With U.S. unemployment at a 26-year high Americans will be feeling the economic downturn for some time. Immigration experts are seeing global signs of the recession in major shifts in U.S. immigration trends, especially at the high and low ends of the skills spectrum. Here are the most significant changes.

You know the U.S. is in a recession when… 

Mexicans are sending money to relatives in the United States.

In 2007, Mexicans living in the U.S. sent about $26 billion to relatives living in Mexico. The amount of remittances dropped to $25 billion in 2008, the first decline since the Central Bank of Mexico started keeping track 14 years ago. In the first nine months of 2009, the Bank reports that only $16.4 billion has been sent south, a 13 percent decline from 2008. Now, there are some signs of an increase in “reverse remittances,” in which residents of Mexico wire money to their relatives north of the border to help them through tough times. While still a small fraction of the north-to-south remittance flow, which provides Mexico with its second largest source of foreign income (after oil exports), an uptick in reverse remittances is a striking example of the ripple effects of U.S. job loss.

H1-B visas are still available.

In fiscal year 2009, the H1-B visa program that links high-skilled immigrants with sponsoring U.S. employers had all 65,000 application slots filled in one day. In FY08, it took two days, and in FY07, 56 days. But things have changed. After 211 days into the 2010 fiscal year, there were almost twenty thousand slots still available. With high unemployment and shrinking budgets many corporations are unable to hire from abroad as they did in recent years. What’s more, companies that receive federal bailout funds must hire U.S. workers or demonstrate they are cannot find them if they do. Technology firms for years have pressured Congress to increase the number of H1-B visas. This may be a break for domestic tech workers who have often been on the other side of the argument.

Apprehensions at the U.S.-Mexico border are down.

If arrests at the U.S.-Mexico border are an indication of illegal crossing activity, the fact that the number has dropped by more than 23 percent during the past year probably indicates a reduction in persons attempting to make the trip. Precipitously declining economic opportunity combined with beefed-up enforcement have been factors in the recent drop in the number of immigration arrests at the border over the past few years. The number recorded for FY 2009 represents a 34-year low point. At the same time the border patrol budget has risen to nearly $11 billion, up from $6 billion in 2004.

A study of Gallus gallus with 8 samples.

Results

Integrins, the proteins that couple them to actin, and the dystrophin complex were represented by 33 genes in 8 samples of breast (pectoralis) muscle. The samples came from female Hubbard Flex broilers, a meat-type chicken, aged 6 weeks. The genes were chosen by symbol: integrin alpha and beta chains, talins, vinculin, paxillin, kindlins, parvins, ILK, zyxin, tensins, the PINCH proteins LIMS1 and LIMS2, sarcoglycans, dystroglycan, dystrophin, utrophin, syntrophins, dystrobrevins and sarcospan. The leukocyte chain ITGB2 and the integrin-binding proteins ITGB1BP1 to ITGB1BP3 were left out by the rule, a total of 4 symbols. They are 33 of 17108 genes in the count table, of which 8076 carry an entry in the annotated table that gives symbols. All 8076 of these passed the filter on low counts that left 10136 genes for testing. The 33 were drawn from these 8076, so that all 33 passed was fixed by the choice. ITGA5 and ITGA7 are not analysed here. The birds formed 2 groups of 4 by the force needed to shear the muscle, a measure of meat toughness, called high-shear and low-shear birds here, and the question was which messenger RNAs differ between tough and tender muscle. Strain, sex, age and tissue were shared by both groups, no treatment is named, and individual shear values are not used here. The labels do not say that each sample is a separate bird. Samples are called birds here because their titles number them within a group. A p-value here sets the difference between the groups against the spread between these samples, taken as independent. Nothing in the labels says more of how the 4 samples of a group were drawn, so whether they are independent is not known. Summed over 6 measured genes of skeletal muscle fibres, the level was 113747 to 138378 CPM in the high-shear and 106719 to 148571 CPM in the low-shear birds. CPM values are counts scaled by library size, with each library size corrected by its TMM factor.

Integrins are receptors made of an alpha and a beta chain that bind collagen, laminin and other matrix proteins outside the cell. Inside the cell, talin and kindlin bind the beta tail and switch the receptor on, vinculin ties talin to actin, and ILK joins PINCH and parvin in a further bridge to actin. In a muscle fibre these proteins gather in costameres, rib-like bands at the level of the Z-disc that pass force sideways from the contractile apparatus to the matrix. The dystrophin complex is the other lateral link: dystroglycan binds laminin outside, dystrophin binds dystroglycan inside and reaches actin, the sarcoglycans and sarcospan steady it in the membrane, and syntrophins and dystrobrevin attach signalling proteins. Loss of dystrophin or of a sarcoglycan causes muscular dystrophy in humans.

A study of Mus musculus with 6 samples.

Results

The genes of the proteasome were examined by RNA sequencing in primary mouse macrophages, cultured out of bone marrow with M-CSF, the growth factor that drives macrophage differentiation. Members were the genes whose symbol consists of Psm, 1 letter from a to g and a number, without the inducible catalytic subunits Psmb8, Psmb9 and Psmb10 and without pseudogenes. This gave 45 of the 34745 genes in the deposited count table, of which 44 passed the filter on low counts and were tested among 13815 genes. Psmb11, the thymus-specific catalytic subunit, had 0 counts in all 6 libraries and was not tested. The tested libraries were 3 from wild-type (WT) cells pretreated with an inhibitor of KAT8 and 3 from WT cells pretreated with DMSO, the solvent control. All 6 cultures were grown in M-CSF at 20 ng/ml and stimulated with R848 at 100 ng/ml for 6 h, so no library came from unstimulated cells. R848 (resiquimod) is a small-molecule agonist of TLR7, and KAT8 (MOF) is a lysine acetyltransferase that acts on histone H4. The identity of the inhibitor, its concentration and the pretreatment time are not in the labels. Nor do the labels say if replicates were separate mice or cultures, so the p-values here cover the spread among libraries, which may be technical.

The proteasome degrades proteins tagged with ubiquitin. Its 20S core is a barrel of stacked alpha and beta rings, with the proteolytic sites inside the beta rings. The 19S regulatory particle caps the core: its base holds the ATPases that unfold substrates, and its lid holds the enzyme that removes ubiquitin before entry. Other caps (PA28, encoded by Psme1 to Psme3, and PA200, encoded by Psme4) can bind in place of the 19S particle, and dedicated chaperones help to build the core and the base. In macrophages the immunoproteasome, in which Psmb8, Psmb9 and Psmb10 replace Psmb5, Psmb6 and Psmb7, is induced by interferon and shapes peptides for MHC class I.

More Americans are looking for jobs overseas.

USAToday reports that more Americans are seeking work abroad than in the past. Although “the trend reverses a longtime pattern of far more foreign workers seeking jobs in the U.S.” sounds like an overstatement, there are signs that Americans are more willing to consider working abroad. The country’s largest staffing company, Manpower, says it has 500 clients seeking overseas work, compared a few dozen six months ago. And a recent survey of executives in the U.S. revealed that 54 percent would be likely to take a job in another country, compared to 37 percent in 2005. The top prospects? India, China, Brazil, Dubai, and Singapore.

Immigration slows. 

When the Census Bureau released data from its 2008 American Community Survey this September, immigrant numbers made headlines, as they often do, but this time the stories were about the numbers’ leveling off rather than climbing up. After years of fast-paced growth, the size of the foreign-born population in the U.S. was statistically unchanged from the year before.  While some of the reduction could be due to stepped-up enforcement actions – at the border, worksites, and by local law enforcement – fewer jobs, especially in immigrant-heavy industries like construction, technology, and manufacturing, make for a weaker pull on migrants.


  • Audrey Singer is a senior fellow at the Brookings Metropolitan Policy Program. Her areas of expertise include demography, international migration, U.S. immigration policy, and urban and metropolitan change. She has written extensively on U.S. immigration trends, including immigrant integration, undocumented migration, naturalization and citizenship, and the changing racial and ethnic composition of the United States.